The beginnings of the Spring Ridge village lay in the selection blocks of the late 1800’s. Settlers were able to ‘select’ a block of land, many of which were centred around the area of the Spring Ridge cemetery.
By 1837 suburban land blocks were available through application to the Department of Lands at Murrurundi. Holders paid a minimal rent amount on the land, approximately 2 pounds each year, and were required to build on the land and live on the block within a certain time frame. After a period of time tenants were able to buy their blocks for a nominal fee.
The town of Spring Ridge grew in population and prosperity after the Second World War as returned soldiers moved to Spring Ridge to take up Soldier Settlement blocks, with them arrived many young families who became part of the community and were educated at the Spring Ridge Public School. These blocks were around 1,000 acres in size and were used for farming and grazing.
It is on these foundations that the current village of Spring Ridge has been developed.
The economy of Spring Ridge traditionally relied on the rich agricultural land surrounding the Village. Today agriculture still maintains the economy. Initially farming comprised of the production of wheat, sheep, and cattle which has since expanded to include sorghum, sunflowers, canola, and a variety of other crops. Cattle may still be found, whilst the production of sheep due to costs and labour requirements has significantly dwindled.
Transport to and from the Village was closely tied with the railway line stretching from Werris Creek to Binnaway which passed directly through Spring Ridge. The Spring Ridge station at one stage was complete with a waiting room, parcel office, Station Master’s office, and staff room which are the only remaining remnant of a once grand era. Groceries and beer were transported to Spring Ridge by train from around 1935 until the station was pulled down in the 1980’s. The railway was also used to transport goods and commodities produced on the land. Rail motors operated between Werris Creek and Binnaway once a week, increasing their services when demand grew.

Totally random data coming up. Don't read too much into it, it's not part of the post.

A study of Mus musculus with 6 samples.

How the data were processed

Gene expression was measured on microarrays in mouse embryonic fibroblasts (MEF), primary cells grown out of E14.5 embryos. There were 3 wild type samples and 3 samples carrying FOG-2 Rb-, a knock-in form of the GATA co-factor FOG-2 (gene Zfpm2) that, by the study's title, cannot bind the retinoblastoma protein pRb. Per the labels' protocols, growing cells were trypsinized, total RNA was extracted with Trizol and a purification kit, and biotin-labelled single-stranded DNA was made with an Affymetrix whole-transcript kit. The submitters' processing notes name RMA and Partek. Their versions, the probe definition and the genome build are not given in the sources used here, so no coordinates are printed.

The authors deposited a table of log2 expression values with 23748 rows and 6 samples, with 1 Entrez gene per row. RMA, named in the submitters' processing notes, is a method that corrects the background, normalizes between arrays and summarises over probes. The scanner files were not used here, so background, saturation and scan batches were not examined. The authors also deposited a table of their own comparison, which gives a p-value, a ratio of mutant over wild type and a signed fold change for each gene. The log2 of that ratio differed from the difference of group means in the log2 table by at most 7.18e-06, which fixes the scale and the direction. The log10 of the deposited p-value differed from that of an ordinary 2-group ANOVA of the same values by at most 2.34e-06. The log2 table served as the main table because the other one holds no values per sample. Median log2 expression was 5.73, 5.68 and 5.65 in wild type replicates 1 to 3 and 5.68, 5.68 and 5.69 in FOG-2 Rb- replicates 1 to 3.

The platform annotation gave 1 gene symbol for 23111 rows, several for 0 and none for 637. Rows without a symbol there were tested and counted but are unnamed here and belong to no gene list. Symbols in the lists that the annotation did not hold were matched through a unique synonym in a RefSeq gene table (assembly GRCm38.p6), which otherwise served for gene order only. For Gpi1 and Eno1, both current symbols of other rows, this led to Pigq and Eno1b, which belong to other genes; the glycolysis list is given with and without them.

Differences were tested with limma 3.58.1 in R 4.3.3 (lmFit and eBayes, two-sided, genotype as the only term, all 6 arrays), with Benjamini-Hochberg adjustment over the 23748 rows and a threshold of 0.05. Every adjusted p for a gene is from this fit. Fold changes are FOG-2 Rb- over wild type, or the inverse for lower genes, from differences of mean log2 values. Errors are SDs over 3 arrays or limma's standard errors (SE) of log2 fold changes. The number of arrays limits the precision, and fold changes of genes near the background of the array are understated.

A multitude of businesses have at one stage existed in the town; bakery, two garages, hotel, sawmill, general store, butchers, police station, tennis courts, golf club, stock and station agent. Electricity came through the village in 1958 which significantly impacted business. Today there exists few businesses; hotel, general store, Spring Ridge Engineering, Spring Ridge Hardware. The reduction in business requires residents to commute to regional centres for unavailable items.
As the nature of the economy changed and farm machinery improved reducing the required amount of man power required to run an agricultural enterprise, the size of properties also increased. Smaller land holdings were bought and amalgamated reducing the number of people employed on farms. This directly impacted the village and has in part contributed to the decline in population experienced in Spring Ridge.
The social life of Spring Ridge was grand in the era of high prosperity. During the war, an army camp at Colley Blue created a carryon on soldiers. In the post war years movies and Saturday night dances were a common occurrence. Multiple balls held at the Community Hall by many groups in the town including the RSL and church groups were attended by up to 300 people.
The Spring Ridge School opened in 1878; a one room building at the time was built with an area for sewing for female students, and a woodwork bench for the boys. As the school expanded, second, then third buildings were added. During the prosperity of the 1970’s up to 100 students were enrolled. Today the number has dropped to under 50.
Community spirit has strong foundations in the Village. Throughout history the community has worked together to improve many community facilities. The community hall has been expanded and today houses a pre school attended by local children. Today, the Spring Ridge Village Development Committee works independently and with the Liverpool Plains Shire Council to improve infrastructure and community facilities within the Village.